Please Note: This Article is 7 years old. This increases the likelihood that some or all of it's content is now outdated.

Belvoir Managing Director, Dorian Gonsalves, has announced the company’s support for a national campaign to fight unfair taxes for private landlords – the Tax Judicial Review .

“The campaign for a judicial review of Clause 24 of the Finance Act 2015 was launched by two hard working Buy to Let landlords who are trying to prevent what is believed to be discrimination by the Government against individuals who borrow money in their own names in order to fund their portfolios,” says Dorian.

“The campaign is something that Belvoir fully supports. Crowd funding via CrowdJustice quickly raised the initial £15,000 needed to employ an experienced legal team to look at the logistics of challenging this unfair tax.

“Over £50,000 has now been pledged by landlords, agents and other affected sectors of the market. This money will be used to fund phase two; a court proceeding where a judge reviews the lawfulness of a decision or action taken by a public body – in this case the Conservative Government. Belvoir has pledged money to help fund this fight against what amounts to an unlawful breach of human rights and/or European law.

“Belvoir’s franchise owners will also be writing to landlords and inviting them to pledge their support for this important legal challenge. We will explain that Clause 24 will disallow the perfectly legitimate finance costs (including mortgage interest), of individuals who operate BTL properties in their own name. Institutions, corporations, wealthy cash buyers and overseas landlords will, however, be excluded, thus giving this sector of the market an unfair advantage.

“Every single business in the UK is allowed to offset their total costs against their income before tax. The Summer Budget changed this fundamental and important business principle for landlords. Furthermore it was done without consultation and the changes within Clause 24 are so intentionally complex that many landlords fail to understand its negative implications on their financial circumstances.

Thousands of people will find themselves being taxed on loss-making BTL properties, see massive increases in the percentage of tax payable and could find themselves pushed upwards into a higher tax bracket, even though they may well not be making a single penny of profit.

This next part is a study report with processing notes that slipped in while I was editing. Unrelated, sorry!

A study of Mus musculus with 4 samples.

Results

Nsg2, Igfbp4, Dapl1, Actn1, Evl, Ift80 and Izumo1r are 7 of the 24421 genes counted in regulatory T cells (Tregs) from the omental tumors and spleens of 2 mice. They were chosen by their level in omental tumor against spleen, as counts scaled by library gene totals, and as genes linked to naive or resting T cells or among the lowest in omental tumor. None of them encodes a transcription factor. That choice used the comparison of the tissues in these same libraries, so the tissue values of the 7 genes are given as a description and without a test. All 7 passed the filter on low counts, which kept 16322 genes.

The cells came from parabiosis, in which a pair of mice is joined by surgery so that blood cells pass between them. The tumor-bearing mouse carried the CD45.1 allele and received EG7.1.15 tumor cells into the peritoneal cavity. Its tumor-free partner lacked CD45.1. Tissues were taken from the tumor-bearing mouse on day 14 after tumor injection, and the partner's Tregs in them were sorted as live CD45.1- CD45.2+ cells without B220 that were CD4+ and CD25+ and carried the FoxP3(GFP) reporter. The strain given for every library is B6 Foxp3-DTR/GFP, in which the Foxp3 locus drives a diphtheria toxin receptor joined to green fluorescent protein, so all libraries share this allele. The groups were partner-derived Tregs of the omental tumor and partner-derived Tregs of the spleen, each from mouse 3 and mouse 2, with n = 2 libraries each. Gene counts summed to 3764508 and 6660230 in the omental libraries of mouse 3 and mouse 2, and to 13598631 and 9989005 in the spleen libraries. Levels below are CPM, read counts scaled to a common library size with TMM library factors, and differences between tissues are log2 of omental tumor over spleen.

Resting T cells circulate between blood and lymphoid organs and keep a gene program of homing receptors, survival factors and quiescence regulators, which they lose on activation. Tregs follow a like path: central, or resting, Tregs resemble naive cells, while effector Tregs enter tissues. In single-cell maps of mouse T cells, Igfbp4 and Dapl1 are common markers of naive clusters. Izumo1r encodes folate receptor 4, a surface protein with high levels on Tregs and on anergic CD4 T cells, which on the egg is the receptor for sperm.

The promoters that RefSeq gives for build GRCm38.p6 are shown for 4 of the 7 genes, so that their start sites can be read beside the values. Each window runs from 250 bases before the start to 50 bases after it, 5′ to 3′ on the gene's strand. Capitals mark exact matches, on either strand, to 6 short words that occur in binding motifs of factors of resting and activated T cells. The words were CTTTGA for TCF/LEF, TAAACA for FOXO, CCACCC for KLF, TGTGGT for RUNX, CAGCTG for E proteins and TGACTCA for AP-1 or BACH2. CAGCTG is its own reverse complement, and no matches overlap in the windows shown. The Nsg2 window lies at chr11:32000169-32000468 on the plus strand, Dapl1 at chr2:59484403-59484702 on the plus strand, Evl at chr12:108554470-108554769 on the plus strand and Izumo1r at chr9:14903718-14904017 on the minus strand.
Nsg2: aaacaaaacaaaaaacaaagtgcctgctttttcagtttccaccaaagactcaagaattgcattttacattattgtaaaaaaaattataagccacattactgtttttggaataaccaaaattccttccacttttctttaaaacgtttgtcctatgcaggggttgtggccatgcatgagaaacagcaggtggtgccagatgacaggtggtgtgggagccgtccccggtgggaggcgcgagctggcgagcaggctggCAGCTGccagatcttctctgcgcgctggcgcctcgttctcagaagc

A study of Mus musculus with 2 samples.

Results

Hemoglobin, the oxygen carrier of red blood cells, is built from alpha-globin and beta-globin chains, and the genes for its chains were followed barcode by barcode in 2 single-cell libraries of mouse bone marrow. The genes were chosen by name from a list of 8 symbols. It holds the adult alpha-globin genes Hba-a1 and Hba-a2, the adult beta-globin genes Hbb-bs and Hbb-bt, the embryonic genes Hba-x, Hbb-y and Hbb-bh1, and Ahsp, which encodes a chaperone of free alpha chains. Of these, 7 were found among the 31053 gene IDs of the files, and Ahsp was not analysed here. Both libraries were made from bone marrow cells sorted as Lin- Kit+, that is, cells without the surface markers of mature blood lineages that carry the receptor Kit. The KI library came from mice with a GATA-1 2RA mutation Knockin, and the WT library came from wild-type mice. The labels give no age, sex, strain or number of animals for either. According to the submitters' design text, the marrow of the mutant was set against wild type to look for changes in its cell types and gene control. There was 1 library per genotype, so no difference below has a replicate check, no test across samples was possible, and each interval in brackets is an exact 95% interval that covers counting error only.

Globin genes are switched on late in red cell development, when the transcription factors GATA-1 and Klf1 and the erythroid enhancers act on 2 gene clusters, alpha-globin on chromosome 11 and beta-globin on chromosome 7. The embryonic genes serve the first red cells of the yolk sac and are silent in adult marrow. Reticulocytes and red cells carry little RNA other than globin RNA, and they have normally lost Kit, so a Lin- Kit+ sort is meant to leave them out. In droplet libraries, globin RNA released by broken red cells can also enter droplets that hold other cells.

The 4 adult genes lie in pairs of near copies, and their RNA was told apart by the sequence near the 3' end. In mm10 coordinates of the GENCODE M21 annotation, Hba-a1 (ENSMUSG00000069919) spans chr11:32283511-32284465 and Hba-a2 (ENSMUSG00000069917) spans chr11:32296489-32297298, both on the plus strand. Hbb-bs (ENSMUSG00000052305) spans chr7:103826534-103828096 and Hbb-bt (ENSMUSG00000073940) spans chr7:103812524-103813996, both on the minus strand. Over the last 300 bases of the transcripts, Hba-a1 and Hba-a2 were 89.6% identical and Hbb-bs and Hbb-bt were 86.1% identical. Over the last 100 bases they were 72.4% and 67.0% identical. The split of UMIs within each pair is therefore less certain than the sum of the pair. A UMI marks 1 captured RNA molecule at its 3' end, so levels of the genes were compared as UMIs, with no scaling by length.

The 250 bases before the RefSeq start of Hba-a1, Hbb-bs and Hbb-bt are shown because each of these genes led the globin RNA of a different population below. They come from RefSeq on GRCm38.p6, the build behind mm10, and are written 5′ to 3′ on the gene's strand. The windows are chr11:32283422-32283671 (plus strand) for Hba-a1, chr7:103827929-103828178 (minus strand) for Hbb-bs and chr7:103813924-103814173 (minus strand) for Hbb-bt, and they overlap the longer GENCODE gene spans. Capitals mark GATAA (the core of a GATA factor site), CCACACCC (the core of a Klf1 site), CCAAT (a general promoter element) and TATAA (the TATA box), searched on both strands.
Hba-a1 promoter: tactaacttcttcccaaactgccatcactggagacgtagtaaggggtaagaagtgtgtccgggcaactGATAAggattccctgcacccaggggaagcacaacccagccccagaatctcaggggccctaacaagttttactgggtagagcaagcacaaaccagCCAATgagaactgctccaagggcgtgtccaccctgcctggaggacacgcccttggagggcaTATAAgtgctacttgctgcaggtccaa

“If Clause 24 goes ahead the impact on the UK housing market could potentially be devastating. Rents will increase, many private landlords are likely to consider selling their properties, and there will be a reluctance to invest in the future.

This will result in even more pressure on the PRS and if demand for properties falls builders will simply stop building, which is exactly what happened in 2008/2009. Unfortunately the Government has made no plans for rehousing those tenants who are likely to lose their homes as a result of a mass exodus from the market by landlords.

“Belvoir fully supports any actions that will help to prevent unethical, unprofessional and illegal practices by rogue landlords. However, Clause 24 is not a fair or intelligent means of achieving this. Clause 24 will not, as the Government states, only affect “the wealthiest landlords”. In fact, it will not affect the wealthiest landlords at all, because they are the ones most able to invest in BTL properties without the need for mortgage finance and are therefore totally unaffected.

“Further information can be found on Judicial Review of Clause 24 by visiting  I urge landlords and other agencies to get involved in a bid to restore the market back to an even playing field, where private landlords are not unfairly discriminated against.”

Belvoir now has 211 offices nationwide. To find your nearest Belvoir office, visit their website at –

Please Note: This Article is 7 years old. This increases the likelihood that some or all of it's content is now outdated.